Saturday 6th October 2018

Manchester United's ongoing saga seems destined to end in Jose Mourinho's doom. Ed Woodward might already be planning for his successor. Blame from all quarters hurtles at the manager. While responsibility always lies with the boss, the players are equally complicit.

Roy Keane recently stated every player, regardless his relationship with the manager, is accountable to the club and the fans. Professionals will leave the talk in the dressing room to devote their focus fully to the match for those 90 minutes. United’s players are yet to do that. Are we missing the point while following the media's narrative? Is this all on the manager or are the players also to blame?

A few performances brought a glimmer of hope, before the match against Valencia revived the Moyesian era. Beginning at the back and working forward, let's look at the squad to determine how culpable the players might be.

The Sticks

David De Gea put his World Cup ghosts behind him. Again, he's producing critical saves, this season. He remains among the best United players on the pitch. Ed Woodward must have the sense to tie him down with a long-term contract.

The Rearguard

What about the defenders? Eric Bailly is chronically injured, although, when he does play, he's always committed and up for the challenge. Against Valencia, he put up a decent display, justifying his place in the starting lineup.

Chris Smalling and Victor Lindelof are the most used pair this season. Despite the occasional performance, neither's been rock solid.

Luke Shaw's been sensational this season. The left-back puts in a shift every game, offering options going forward.

Antonio Valencia's forgotten how to cross and was repeatedly caught out of position against Los Che. Diogo Dalot’s transition into the starting XI should be accelerated, otherwise United will continue to look like a dog walking on three legs.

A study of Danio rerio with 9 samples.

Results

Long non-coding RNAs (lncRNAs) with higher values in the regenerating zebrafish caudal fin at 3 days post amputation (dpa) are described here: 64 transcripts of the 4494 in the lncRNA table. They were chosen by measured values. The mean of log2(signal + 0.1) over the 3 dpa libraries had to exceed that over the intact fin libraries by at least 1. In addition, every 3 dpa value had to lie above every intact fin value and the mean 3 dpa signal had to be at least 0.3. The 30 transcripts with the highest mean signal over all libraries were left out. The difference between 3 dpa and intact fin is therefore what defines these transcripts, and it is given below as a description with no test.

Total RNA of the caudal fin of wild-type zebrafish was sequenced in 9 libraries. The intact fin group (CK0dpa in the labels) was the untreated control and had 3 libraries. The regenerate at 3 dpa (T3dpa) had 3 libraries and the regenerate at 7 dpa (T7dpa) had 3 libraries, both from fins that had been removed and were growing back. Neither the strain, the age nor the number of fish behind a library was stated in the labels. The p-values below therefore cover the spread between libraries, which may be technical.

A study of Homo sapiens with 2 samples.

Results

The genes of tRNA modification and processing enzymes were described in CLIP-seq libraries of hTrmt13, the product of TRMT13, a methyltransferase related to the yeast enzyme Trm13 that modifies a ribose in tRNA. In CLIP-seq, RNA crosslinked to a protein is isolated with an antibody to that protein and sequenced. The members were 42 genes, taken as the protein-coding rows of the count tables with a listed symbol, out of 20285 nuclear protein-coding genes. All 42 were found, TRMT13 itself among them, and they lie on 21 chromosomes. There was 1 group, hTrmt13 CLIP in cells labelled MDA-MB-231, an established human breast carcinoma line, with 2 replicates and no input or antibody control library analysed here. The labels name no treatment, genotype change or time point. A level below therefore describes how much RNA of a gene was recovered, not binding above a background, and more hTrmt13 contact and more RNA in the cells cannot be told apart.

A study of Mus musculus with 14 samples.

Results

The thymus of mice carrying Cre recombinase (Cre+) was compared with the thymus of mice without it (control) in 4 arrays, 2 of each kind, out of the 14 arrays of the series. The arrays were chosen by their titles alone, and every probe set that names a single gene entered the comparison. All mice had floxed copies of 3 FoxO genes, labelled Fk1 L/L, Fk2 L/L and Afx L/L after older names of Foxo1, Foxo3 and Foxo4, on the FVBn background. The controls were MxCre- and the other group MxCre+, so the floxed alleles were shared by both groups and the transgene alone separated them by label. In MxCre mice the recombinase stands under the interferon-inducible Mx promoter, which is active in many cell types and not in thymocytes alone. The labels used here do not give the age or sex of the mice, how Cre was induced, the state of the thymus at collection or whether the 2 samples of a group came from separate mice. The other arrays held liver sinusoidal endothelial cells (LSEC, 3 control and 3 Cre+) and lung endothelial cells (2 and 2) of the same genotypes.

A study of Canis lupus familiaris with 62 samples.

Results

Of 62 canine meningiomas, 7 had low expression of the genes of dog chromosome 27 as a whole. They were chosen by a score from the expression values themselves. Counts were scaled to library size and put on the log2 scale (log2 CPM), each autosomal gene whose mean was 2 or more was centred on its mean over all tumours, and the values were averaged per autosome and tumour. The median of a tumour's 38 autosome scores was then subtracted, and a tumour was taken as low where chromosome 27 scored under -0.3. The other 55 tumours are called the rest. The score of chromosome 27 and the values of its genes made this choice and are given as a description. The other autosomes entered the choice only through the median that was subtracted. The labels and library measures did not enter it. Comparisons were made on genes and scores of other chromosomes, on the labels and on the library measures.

Inconsistency and a wasted transfer window are why Mourinho experimented with technically skilled midfielders Ander Herrera and Scott McTominay in a three-man defence to build out from the back. Both gambles came up craps and Mourinho hasn't the patience to roll the dice again.

Central Park

In the midfield, Marouane Fellaini, Nemanja Matic and Paul Pogba all logged decent performances. Pogba is inconsistent, lapsing into his tendency to take on all defenders when the going gets tough. Fellaini's work demonstrates why Mourinho wanted him to stay so desperately. Matic’s display against Valencia recalled his play at this stage last season. Vigilant in front of the back three, he regularly aided in ball recovery. 

Up Front

The biggest problem seems to be the forwards. Romelu Lukaku has been in fine form for, wait for it, his national team. However, with the Red Devils who pay his bills, the Belgian has missed more than a few sitters. Had he converted them, you wouldn't be reading this. United would be in the top four. I'd be offering my opinion on whether they could hang in with Manchester City, Liverpool and Chelsea for the duration.

Alexis Sanchez continues to lose possession every three minutes. It's no secret why the Chilean's so passionate about dogs. They always bring the ball back. Cutting inside to shoot from 20 yards or majestically slotting through-balls is no longer in his [ahem] arsenal.

Anthony Martial put in a once-in-a-blue-moon display last match, just to show what he can do. But that’s that.

The issue remains. United's forwards are stagnant. The midfielders and fullbacks want to come in dangerous positions, to cross or set up a play. The attacking four no longer make runs to create space. They seem to be planning tea with their markers. Without the intelligence of the ball, there’s no scope for crosses. Antonio Valencia (despite his issues) and Paul Pogba both had a go at Lukaku when they failed to see any movement.

The front-three needs help and support to remind them how to take positions. It’s awkward to see them hanging around opposition defenders instead of making space. These are skills they've had for ages. The coach can't be blamed for their abandonment. 

Maybe there’s more to United’s form than just Mourinho. Perhaps players should take responsibility for themselves. Changing the coach isn’t going to change that.


Sayantan is a professional writer and freelance sports journalist writing for ItsRoundandItsWhite.co.uk, RealSports101, Sportskeeda and Open Veins of Football. He loves covering the Premier League and the Indian Super League and follows Manchester United and ATK (ISL).

He appreciates pragmatic football and unlike most, understands that the football's beauty lies not only in attack, but the balance between defense and attack. However, he does not forget the love, the flair, and drama of football. When not engulfed in the Premier League or the ISL, he loves to watch Italian Serie A and La Liga.